Could there be a less propitious setting than the Tropicana Poker Room in Atlantic City on a Saturday morning? As Colson Whitehead reveals in The Noble Hustle, a darkly humorous work of participatory reportage that finds him (a decided amateur) attempting to play poker with the pros, the answer is a resounding no. On a typical Saturday morning, folks trickle into the Trop for the weekend tournament—regular types the author sorts into three different but equally undesirable categories: the Methy Mikes, the Robotrons and the Big Mitches.
Whitehead’s previous book was the acclaimed zombie novel Zone One, an emotionally scouring horror story with a post-apocalyptic setting and all-too-plausible plot, the writing of which seems to have taken a toll on him. The Noble Hustle opens right after he has wrapped Zone One. Grantland magazine has offered him the assignment of reporting on the World Series of Poker (WSOP) in Las Vegas, but he’s reluctant to take on the project.
“Now that I was done with the book, I was starting to feel human again,” Whitehead says. “I wanted to rejoin society, do whatever it is that normal people do when they get together. Drink hormone-free, humanely slaughtered beer. Eat micro-chickens. Compare sadnesses. . . .” Yes, that’s sadnesses, plural, and the usage is all too apt, as Whitehead, we learn, is four days into a divorce. And living in a crappy apartment. And struggling with the “rules of solo parenthood.”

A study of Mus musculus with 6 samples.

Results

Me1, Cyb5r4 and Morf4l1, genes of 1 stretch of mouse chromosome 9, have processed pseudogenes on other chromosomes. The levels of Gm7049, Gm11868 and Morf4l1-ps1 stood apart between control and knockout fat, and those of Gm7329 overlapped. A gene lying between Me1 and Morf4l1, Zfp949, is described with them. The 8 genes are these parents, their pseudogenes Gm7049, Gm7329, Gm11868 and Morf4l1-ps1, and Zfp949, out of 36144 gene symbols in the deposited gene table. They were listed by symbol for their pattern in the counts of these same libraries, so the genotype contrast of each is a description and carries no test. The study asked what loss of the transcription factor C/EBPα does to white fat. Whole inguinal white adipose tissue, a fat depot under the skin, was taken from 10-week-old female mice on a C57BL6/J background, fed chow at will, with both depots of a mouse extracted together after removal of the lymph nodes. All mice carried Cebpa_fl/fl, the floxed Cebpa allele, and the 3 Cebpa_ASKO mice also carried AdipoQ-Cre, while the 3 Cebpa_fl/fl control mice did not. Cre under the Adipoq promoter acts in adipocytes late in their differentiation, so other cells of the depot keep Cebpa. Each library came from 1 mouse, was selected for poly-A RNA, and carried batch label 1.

Despite—or maybe because of—Whitehead’s blue mood, Hustle is a hoot. Casting himself as hapless protagonist and letting his comedic sensibilities—however cynical—steer the narrative, Whitehead proves an ideal observer of poker culture. Once he agrees to cover the tournament, which will be broadcast on ESPN, he has six weeks to prepare, and so he begins practicing at the Trop, working with a poker coach and playing against writer buddies in games that are casual rather than cutthroat—all pretty much to no avail. “By disposition,” Whitehead writes, “I was keyed into the entropic part of gambling, which says that eventually you will lose it all.”
At the WSOP, he holds his own for a while, but by the end of the first day, he’s “a lump of quivering human meat.”
Whitehead writes with authority about poker and provides plenty of play-by-play action, but the tale he tells is much more than that of an odds-against-him novice. It’s also the story of a writer befuddled by fatherhood and middle age. Whitehead may not triumph at the tables, but his new book is a winner.